Denver to begin painting designated scooter parking

Transit stations to get dockless parking areas

DENVER — With an explosion of dockless scooters and electric bicycles in Denver, the city is racing to keep up with the companies launching these vehicles. In the coming weeks, the Public Works Department will begin helping the companies paint designated parking areas at transit and bus stops.

The Denver Public Works Department says it's currently evaluating which transit stations most need the parking zones.

The companies Lime and Bird already have 350 scooters each deployed around Denver. Razor, Lyft and Spin will all launch scooters soon. Meanwhile Uber's JUMP electric bikes have been deployed in Denver, and Lyft plans to launch electric bikes in the next six months.

"We have people who really love them, they love this new mobility option for getting around town, and then, you know, there's other folks are not so crazy about them," said Heather Burke with Denver Public Works.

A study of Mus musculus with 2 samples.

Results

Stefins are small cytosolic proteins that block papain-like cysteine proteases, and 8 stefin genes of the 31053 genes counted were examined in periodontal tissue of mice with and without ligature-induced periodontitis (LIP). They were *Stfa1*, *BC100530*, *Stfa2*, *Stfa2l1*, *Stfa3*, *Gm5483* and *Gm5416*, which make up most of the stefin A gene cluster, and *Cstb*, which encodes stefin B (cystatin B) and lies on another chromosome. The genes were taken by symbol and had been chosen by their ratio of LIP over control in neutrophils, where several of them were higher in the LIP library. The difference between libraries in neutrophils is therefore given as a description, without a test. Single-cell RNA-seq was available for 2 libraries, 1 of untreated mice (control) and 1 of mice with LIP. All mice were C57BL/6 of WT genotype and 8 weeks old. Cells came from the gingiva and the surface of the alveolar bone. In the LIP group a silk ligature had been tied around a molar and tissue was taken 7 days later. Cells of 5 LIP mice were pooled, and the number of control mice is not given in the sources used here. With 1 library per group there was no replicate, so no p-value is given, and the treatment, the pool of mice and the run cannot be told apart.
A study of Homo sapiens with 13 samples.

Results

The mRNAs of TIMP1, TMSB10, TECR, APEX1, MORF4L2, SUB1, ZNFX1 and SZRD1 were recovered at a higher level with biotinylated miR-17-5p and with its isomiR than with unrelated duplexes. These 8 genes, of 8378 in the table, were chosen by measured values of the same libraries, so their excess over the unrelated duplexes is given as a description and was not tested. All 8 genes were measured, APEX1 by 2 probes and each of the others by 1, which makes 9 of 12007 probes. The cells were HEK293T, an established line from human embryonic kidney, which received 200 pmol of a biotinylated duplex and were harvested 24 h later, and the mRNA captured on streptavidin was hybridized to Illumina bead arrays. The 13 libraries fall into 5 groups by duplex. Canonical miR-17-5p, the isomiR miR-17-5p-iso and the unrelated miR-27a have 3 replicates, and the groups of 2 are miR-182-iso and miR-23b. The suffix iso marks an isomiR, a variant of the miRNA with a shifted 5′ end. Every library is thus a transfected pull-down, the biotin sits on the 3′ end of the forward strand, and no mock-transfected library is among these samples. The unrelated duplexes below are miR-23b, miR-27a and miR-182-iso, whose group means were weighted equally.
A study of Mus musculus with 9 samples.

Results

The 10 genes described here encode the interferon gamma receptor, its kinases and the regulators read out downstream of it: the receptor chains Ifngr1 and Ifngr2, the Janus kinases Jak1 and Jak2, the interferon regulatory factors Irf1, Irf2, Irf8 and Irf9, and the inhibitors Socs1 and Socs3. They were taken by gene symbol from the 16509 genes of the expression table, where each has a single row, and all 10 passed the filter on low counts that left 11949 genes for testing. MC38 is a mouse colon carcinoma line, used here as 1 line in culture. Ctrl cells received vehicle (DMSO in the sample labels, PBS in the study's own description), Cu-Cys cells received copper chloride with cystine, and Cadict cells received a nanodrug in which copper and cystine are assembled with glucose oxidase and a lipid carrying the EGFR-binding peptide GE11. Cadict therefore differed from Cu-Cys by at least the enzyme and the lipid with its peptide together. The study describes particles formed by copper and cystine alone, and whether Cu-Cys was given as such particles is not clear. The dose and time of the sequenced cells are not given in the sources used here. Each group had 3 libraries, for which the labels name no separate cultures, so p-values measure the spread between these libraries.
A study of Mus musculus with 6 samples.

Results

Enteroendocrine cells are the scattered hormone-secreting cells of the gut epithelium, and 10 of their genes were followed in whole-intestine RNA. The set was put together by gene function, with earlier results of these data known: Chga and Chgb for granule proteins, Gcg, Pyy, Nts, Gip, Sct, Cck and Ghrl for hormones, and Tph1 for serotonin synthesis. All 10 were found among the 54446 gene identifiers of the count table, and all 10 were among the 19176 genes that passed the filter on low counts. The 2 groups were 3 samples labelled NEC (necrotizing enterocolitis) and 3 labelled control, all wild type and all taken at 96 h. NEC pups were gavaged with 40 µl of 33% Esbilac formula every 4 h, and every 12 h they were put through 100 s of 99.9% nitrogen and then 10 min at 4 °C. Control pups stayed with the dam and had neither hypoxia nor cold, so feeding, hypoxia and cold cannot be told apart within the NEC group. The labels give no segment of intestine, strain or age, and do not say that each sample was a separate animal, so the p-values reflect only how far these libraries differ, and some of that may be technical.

The city is trying to promote the usage of dockless vehicles in conjunction with public transit. Part of Denver's mobility goals include having 30 percent of commuters walking, biking or using transit by the year 2030.

in July, RTD issued its own rules for dockless scooters and bikes, requiring them to be parked in an upright position and adjacent to existing bike parking racks. Some riders say designated areas aren't necessary.

"I think (a bus stop) is a perfectly legitimate spot to to leave them. I don't think they need to build certain spots for them," said Zach Cross.

The hope is the new painted parking areas will discourage people from leaving scooters and bikes in the path of pedestrian or scattered around transit stations. While riders can park scooters in areas not connected to transit, the city requires operators to redistribute scooters and bikes at transit and bus stops throughout the day.